Polcevera viaduct

A damning Italian transport ministry report has blamed bridge operator Autostrade for the collapse of the Polcevera viaduct in August.

The report slams the highways operator for lacking the analytical expertise to inspect the bridge, claiming that Autostrade missed “warning signs” about the bridge’s condition.

The report lists a series of failings by the operator including a  lack of sufficient analytical inspections and a failure to provide health and safety assessments. It also highlights discrepancies between statements released by the company and those examined by the government commission investigating the collapse.

The report was produced by the inspection commission set up by the government immediately after the collapse of the viaduct, more commonly known as the Morandi bridge, which killed 43 people.

The report says that Autostrade – which took private ownership of the bridge in 1999 – periodically monitored the bridge’s condition, carrying out “limited” investigations of a substantially qualitative type. 

It says this meant Autostrade was able to grasp the evolution of problems but with “enormous uncertainties”. The report adds that these measures were “inappropriate and insufficient” considering the severity of the problems affecting the bridge.

“The presence, verified in the visual inspections [before the collapse], of some broken cables on the gaps of the buffer slabs, indicated that there was corrosion exposure.

“However, this unequivocal warning signal, did not result in the inspection of the cables being followed up on nor did the inspector make appropriate and adequate prudential provisions,” says the report.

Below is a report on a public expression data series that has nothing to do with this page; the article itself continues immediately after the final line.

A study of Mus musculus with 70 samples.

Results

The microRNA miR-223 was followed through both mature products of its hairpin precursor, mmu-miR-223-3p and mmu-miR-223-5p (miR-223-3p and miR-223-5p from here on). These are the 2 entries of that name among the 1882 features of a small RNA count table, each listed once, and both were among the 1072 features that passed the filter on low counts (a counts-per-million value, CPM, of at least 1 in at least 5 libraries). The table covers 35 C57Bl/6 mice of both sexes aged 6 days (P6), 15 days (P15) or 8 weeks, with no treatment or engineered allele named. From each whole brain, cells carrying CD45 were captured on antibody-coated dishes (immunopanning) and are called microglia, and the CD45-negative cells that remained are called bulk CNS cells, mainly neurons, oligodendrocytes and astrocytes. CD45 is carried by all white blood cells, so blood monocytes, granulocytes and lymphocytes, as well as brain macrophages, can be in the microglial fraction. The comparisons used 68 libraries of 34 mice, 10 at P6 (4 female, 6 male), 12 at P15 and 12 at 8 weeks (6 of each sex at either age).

“The ratio between the bridge’s load capacity and the actual loading (defined as the safety factor in the project documents) shows a decrease.”

Investigators also found that the inspection procedures applied to the bridge were still being applied to the rest of the Autostrade network.

The report details inspection and repair work undertaken on the bridge over its recent lifespan concluding that there was never an objective assessment of the degree of decay of the bridge’s materials and of their performance.

The report states that on 13 December 2016 Autostrade declared that after its inspections, none of its infrastructure was in a critical condition. It also says that on 23 June 2017, the company declared it had finished all evaluations regarding safety condition of its infrastructures without specifying if there were issues.

It also found a health and safety report due to have been completed in March 2013, was not done, as priority was given to infrastructure in higher risk seismic zones.

The investigation concluded that the bridge’s collapse was not caused by natural events, giving four possible hypotheses, including a collapse starting on the tower on the southern side of the bridge; a collapse starting on the west side of the “balanced system”; a collapse starting on the south-west side of the “balanced system” and a combination of deficient structural elements.

The report also says the difficulties assessing the structural elements that had collapsed was making it difficult to know if problems with materials were exacerbated by a “lack or wrong execution” of maintenance works or by structural problems due to transformation works done over the years.

In response Autostrade said the report did not clarify the causes of the collapse or how it happened. It said  the charges laid against Autostrade had to be considered “mere hypotheses that need to be verified.”

The bridge operator has recently put forward plans to rebuild the bridge in eight months.